El Cantante Review

Based on a true story, El Cantante tells of the rise and fall of Hector Lavoe (Marc Anthony), the King of Salsa. After leaving Puerto Rico for New York in the early ‘60s, the talented singer is discovered almost right away—and he soon joins with Willie Colón (John Ortiz) to create a new sound called salsa. At the same time, he meets Puchi (Lopez), the beautiful New York girl who becomes his wife—and who stands by him as the glory days of salsa give way to the lean years of drug addiction, loss, and instability.

  
 
If I could only use one word to describe El Cantante, I would have to choose “dreadful.” It was so painful to watch that I often found myself hoping that Hector would get hit by a bus—just so it would end. Of course, then I remembered that Hector was a real person, and that made me feel guilty for wanting him to die—which, in turn, made me hate the movie that much more.

For the most part, though, El Cantante is an endless cycle of three things: Hector’s concerts, his drug abuse, and his near-death experiences. To his credit, Marc Anthony can sing, so the concert scenes aren’t bad. The music is, for the most part, quite good—and Anthony performs it well. But problems arise when Anthony is called upon to act. I’d hoped that the zombie-like countenance he usually displays in public was simply his way of making his wife look even better on the red carpet—and that it would all fall away once he got behind the camera. But, alas, Anthony is every bit as lifeless on screen as he is on the red carpet. Sadly, he isn’t even capable of expressing the limited emotions of a character who’s perpetually stoned. And his numerous close-ups are really quite unnecessary, since he only has one facial expression.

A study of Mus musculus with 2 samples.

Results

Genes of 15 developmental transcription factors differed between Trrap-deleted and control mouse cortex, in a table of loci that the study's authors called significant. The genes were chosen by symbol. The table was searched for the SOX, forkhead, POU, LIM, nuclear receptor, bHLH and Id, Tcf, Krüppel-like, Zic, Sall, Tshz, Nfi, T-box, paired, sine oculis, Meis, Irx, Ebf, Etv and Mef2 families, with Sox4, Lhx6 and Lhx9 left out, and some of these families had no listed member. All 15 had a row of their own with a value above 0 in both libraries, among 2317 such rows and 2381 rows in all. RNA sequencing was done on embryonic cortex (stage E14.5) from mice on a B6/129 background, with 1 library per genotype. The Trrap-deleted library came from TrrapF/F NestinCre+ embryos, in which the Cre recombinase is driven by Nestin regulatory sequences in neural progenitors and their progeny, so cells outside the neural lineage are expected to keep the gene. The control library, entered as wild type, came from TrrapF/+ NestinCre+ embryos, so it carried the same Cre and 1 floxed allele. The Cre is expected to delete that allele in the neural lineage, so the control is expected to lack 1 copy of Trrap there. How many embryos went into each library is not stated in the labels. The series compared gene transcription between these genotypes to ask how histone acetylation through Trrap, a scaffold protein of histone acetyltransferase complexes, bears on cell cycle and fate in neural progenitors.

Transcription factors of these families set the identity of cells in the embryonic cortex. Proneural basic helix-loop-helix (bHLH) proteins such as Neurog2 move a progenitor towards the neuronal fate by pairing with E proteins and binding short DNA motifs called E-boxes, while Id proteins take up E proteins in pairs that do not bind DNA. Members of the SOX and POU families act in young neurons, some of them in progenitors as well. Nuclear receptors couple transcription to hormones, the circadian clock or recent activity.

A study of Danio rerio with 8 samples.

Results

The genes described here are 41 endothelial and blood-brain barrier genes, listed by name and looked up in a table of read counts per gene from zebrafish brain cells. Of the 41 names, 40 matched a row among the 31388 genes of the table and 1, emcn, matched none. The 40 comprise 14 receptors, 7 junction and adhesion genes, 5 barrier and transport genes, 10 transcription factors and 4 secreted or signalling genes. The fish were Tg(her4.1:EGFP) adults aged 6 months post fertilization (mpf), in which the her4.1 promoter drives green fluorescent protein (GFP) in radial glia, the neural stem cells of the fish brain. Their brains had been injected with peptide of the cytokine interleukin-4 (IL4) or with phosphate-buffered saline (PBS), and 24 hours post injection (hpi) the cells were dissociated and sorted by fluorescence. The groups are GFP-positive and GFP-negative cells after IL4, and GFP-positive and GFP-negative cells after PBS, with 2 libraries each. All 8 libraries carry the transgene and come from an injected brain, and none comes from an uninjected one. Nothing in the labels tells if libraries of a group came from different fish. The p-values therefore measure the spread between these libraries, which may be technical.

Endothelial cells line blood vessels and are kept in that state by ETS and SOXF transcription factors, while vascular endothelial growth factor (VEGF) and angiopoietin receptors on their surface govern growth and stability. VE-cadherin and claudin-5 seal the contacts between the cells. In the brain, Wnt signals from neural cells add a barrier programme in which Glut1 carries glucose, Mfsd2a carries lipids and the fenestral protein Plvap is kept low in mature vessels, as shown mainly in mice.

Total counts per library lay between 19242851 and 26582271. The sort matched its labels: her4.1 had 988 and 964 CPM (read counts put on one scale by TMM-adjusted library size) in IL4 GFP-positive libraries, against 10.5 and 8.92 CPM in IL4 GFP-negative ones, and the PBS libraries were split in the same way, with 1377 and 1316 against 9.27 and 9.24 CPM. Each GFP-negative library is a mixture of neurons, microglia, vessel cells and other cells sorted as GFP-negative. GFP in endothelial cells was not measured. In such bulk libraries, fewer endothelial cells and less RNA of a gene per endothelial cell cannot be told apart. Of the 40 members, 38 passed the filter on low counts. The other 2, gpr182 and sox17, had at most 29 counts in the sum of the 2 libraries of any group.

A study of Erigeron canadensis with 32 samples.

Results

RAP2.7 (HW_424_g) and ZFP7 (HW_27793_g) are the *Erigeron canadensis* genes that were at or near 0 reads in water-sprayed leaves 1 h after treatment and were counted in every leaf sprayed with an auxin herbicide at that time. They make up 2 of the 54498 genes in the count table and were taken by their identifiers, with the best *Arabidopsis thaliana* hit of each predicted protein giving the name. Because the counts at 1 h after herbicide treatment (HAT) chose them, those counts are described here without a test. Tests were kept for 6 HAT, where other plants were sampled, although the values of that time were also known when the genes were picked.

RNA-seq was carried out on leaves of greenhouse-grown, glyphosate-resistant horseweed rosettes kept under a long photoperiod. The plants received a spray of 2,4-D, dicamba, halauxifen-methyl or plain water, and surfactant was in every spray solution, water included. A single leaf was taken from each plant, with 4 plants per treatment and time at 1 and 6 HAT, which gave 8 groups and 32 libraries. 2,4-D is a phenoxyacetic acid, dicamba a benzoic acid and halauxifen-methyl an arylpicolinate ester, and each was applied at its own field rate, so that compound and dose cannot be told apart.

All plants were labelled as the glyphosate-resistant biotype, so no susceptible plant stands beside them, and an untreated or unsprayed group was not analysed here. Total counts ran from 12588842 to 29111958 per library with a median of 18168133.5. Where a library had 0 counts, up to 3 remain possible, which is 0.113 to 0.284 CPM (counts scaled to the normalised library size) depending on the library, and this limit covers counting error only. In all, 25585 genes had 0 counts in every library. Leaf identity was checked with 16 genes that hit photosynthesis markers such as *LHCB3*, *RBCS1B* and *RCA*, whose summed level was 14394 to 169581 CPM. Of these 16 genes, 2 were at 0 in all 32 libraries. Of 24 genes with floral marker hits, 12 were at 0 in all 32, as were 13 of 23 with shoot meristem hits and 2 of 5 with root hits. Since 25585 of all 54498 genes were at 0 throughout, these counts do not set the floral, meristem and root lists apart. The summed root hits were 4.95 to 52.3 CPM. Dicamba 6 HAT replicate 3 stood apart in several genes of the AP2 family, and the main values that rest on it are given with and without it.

As for J-Lo, she’s the bright spot in the film. Believe it or not, she’s actually a talented actress—too talented, in fact, to appear in a film that was written and directed as poorly as this one. The story is weak and repetitive (not to mention uninteresting), and the directing is all over the place. But just as I’ll blame J-Lo’s makeup artist for the fact that, throughout the entire movie (which spans nearly 40 years), she never ages, I’ll also blame some unnamed member of her entourage for advising her to be in this film. Just to give her the benefit of the doubt. But don’t you go making the same mistake that J-Lo did—and make sure you steer clear of El Cantante.